Cannabis Questions Bound to Impact Historic Election Outcomes
By Noah Tomares, Research Analyst, New Frontier Data
With the 2020 U.S. presidential and state elections being held next week, and a record amount of early ballots cast, November 3 portends to be historically unique in a number of facets yet to be fully realized. That is likewise true for the cannabis reform movement in general, and the legal cannabis industry specifically.
As has been borne out in recent years, approximately two-thirds of American adults reportedly support full legalization of the plant, marking it among the most rapidly shifting social issues nationwide. No fewer than five U.S. states feature legalization initiatives on their ballots, and at the federal level major Congressional legislation involving the MORE Act was deferred until after the elections and resolution of pressing relief efforts per the COVID-19 pandemic.
The presidential candidates have offered sharply different policy approaches regarding cannabis. In his Oct. 15 town hall event, former Vice President Joe Biden reiterated his support for decriminalization. Conversely, the president’s positions toward cannabis or reform have been somewhat less transparent. During his 2016 campaign he supported “medical marijuana 100%”, and subsequently signed the 2018 Farm Bill legalizing hemp after several decades of prohibition, but not until after appointing an unabashedly anti-cannabis U.S. attorney general who rescinded an Obama-era policy which pre-empted federal prosecutions of marijuana offenses in states which had legalized the plant. The Trump administration also made immigrants ineligible for citizenship if found to consume marijuana or work in the cannabis industry.
In August, Trump recommended avoiding the issue out of concern that it would increase voter turnout, a notion which may be valid given recent levels of nationwide support for reform. Indeed, an October 2019 Gallup poll found that slightly more than three-fourths (76%) of Democrats, two-thirds (68%) of independents, and one-half (51%) of Republicans supported legalization. Similarly, a recent New Frontier Data survey found that cannabis consumers who had voted in the 2016 presidential election (i.e., 42% for Hillary Clinton versus 31% for Trump) self-reported as being less likely to support Republican candidates this season.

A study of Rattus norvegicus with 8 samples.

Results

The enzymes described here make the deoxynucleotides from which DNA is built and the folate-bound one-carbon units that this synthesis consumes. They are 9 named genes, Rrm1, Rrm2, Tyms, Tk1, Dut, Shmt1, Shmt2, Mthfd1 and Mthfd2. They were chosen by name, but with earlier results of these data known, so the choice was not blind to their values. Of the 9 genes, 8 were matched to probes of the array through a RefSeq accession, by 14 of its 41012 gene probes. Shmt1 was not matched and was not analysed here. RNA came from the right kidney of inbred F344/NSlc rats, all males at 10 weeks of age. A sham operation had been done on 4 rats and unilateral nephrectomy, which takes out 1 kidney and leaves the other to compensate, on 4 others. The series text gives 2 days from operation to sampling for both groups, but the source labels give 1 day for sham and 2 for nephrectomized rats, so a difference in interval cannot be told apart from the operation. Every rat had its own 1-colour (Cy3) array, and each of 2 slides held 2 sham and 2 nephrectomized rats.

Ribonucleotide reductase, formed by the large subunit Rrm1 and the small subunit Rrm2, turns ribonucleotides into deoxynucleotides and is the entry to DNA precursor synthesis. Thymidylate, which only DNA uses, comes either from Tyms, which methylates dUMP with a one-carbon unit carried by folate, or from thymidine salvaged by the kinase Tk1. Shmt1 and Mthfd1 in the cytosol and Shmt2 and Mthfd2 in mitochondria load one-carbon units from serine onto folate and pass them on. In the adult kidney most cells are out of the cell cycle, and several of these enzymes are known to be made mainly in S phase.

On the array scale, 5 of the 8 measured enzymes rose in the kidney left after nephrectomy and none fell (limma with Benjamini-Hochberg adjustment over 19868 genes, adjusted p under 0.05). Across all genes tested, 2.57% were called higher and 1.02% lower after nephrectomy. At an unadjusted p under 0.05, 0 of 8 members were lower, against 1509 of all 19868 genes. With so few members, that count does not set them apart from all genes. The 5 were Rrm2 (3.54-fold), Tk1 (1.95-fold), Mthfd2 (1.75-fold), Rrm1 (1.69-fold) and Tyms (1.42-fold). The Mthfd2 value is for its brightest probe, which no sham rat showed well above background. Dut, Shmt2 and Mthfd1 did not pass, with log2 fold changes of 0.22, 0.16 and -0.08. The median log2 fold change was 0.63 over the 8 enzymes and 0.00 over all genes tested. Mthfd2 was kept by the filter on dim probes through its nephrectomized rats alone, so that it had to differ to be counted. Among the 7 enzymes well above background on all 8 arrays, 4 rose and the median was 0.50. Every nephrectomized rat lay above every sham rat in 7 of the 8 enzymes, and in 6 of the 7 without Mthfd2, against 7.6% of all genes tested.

In comparison to the general U.S. population, cannabis consumers report being more likely to identify as Democrats, roughly on par as being Republicans, and less among unaffiliated, independent voters. They reported being more likely to identify as Democrats regardless of demographic factors (e.g., age or gender), and cannabis legality in an individual’s home state seemed to convey a party affiliation: Cannabis consumers in legalized adult-use and medical states were more likely to identify as Democrats than were voting consumers living where the plant remains prohibited.
New Frontier Data findings before next week’s elections include 53% of cannabis consumers reporting intentions to vote for Biden/Harris, versus 32% planning to support Trump/Pence. Another 11% reported being either undecided (7%) or not planning to vote (4%).
For additional information regarding election outcomes, policy impacts, and detailed breakdowns of each state’s ballot initiatives, visit the 2020 U.S. Election Special Report.